Early Voting wins the 147th Preakness

Early Voting wins the 147th Preakness

The second leg of the Triple Crown was also an upset. Early Voting, a lightly campaigned colt trained by Chad Brown and ridden by Jose Ortiz, came out of the starting gate on fire and ended with a sprint to win the 147th Preakness Stakes. The track at Pimlico favored speed today, making it harder for horses to come from behind in the stretch. This proved to be a problem for both Epicenter, who made a strong, late run, but couldn’t quite catch Early Voting, finishing second, and Secret Oath, also a “closer”, who ran from the back of the field to finish fourth.

Early Voting skipped the Kentucky Derby as his connections felt that the colt, who had only three starts, did not have the maturity to face the large Derby field. Their strategy paid off, even in the 95 degree heat!

The initial plan was for Early Voting to go to the lead on a day when the dirt track at Pimlico Race Course was favoring speed and making it hard for horses to come from behind down the stretch. But when Armagnac blazed out to the lead, Ortiz settled Early Voting to stay within 2 1/2 lengths of the leader, leaving him with another gear when Epicenter threatened him in the home stretch. In the end, Early Voting crossed the wire 1 1/4 lengths ahead of Epicenter.

So Who is Early Voting?

Although not one of the favorites, Early Voting was not a long shot like Rich Strike. The colt started at 5:2 odds, coming off a six week rest after finishing second in the Wood Memorial to Mo Donegal. Early Voting won his first two races: the Withers and the Maiden Special Weight (MSW) last December. The colt is sired by Gunrunner, the 2022 Leading Sire of 3YOs and was purchased as a yearling for $200,000.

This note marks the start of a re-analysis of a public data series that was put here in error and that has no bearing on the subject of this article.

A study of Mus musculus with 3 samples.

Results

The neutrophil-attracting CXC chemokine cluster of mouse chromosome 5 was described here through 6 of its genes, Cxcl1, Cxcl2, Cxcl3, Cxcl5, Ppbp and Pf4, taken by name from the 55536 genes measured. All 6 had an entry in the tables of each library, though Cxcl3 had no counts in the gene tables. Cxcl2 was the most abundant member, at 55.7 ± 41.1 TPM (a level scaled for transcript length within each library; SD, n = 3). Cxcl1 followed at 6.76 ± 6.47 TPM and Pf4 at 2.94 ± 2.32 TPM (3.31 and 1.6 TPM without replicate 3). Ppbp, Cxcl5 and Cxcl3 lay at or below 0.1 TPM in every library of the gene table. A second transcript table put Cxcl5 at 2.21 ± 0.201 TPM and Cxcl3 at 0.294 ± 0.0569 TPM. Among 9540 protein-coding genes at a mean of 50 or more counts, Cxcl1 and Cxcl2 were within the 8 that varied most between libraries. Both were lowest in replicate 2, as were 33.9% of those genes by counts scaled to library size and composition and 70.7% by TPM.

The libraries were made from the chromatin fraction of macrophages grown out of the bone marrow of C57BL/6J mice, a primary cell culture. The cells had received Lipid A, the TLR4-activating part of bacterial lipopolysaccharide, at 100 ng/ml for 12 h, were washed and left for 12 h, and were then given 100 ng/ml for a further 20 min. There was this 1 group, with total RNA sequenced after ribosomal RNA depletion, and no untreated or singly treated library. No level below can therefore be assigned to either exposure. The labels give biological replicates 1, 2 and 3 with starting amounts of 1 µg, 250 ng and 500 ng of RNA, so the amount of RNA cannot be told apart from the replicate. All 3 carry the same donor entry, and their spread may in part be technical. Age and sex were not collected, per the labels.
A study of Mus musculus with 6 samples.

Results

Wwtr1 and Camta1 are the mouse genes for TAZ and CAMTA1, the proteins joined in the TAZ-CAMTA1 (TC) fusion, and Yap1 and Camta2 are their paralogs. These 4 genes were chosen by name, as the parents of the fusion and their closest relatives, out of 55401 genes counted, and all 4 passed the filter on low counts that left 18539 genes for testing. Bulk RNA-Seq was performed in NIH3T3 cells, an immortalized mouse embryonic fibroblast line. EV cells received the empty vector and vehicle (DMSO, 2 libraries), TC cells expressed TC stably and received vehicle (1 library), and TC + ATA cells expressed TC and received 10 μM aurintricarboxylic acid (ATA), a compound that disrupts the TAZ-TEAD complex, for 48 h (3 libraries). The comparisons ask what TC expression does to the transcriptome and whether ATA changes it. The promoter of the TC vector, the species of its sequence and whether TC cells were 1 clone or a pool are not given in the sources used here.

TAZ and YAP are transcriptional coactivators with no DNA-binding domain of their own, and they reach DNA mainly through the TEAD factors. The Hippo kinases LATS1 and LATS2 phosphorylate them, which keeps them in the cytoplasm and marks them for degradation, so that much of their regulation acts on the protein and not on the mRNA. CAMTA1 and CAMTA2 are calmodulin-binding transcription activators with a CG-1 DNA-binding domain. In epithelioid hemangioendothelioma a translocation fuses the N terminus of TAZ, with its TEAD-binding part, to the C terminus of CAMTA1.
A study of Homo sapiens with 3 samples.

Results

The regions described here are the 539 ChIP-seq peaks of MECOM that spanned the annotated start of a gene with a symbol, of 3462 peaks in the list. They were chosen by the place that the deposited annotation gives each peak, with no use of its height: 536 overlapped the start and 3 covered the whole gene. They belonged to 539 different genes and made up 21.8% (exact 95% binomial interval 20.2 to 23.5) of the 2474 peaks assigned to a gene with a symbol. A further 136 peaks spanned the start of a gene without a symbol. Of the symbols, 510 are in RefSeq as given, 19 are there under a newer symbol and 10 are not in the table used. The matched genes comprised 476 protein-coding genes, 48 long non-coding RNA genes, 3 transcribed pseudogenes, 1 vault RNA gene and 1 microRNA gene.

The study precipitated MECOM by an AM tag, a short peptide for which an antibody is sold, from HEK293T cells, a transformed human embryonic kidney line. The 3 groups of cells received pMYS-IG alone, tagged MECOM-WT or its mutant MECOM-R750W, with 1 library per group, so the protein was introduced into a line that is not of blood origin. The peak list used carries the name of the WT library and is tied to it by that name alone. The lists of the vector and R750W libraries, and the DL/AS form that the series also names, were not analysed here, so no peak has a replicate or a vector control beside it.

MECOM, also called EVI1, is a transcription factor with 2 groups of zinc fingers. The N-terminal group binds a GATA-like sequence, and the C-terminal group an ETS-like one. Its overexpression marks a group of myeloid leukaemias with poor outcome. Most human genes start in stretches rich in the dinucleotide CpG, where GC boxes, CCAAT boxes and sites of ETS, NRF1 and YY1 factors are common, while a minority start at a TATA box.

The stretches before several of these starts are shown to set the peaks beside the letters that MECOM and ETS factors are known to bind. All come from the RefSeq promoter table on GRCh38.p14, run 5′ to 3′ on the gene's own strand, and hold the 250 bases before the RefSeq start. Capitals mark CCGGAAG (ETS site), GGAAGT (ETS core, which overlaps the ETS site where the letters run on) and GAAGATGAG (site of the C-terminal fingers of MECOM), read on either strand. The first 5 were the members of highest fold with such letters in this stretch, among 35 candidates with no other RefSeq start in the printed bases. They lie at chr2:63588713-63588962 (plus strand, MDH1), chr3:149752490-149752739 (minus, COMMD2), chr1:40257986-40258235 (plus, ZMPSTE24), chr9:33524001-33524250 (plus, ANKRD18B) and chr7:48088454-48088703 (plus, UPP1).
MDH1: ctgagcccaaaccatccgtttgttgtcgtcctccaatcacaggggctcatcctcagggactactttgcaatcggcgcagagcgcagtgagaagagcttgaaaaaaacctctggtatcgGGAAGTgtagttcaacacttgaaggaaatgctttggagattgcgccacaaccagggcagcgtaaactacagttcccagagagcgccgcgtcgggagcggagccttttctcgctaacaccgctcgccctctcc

“We thought he needed a little more seasoning, the extra rest would help him,” Klarman said of the decision to bypass the Derby even though Early Voting had enough qualifying points to make the field. “He’s pretty lightly raced, only three races before today. And as it turned out, that was the right call because the pace in the Derby was kind of suicidal, so he probably would not have done that well. We wanted to do right by the horse and we’re so glad we waited.”

The strategy employed by trainer, Chad Brown and owner, Seth Klarman (who turned 65 today), is the same that earned them their first Preakness victory in 2017 with Cloud Computing. The two colts both had three starts, all at Aqueduct, both came of non-winning starts in the Wood Memorial, and both skipped the Derby.

Brown and Klarman stated they were not aiming for the Belmont, where Rich Strike will contend for the third leg of the Triple Crown. Instead they’re aiming the colt for the Travers Stake, or Midsummer Derby, in Saratoga Springs, N.Y. in late August.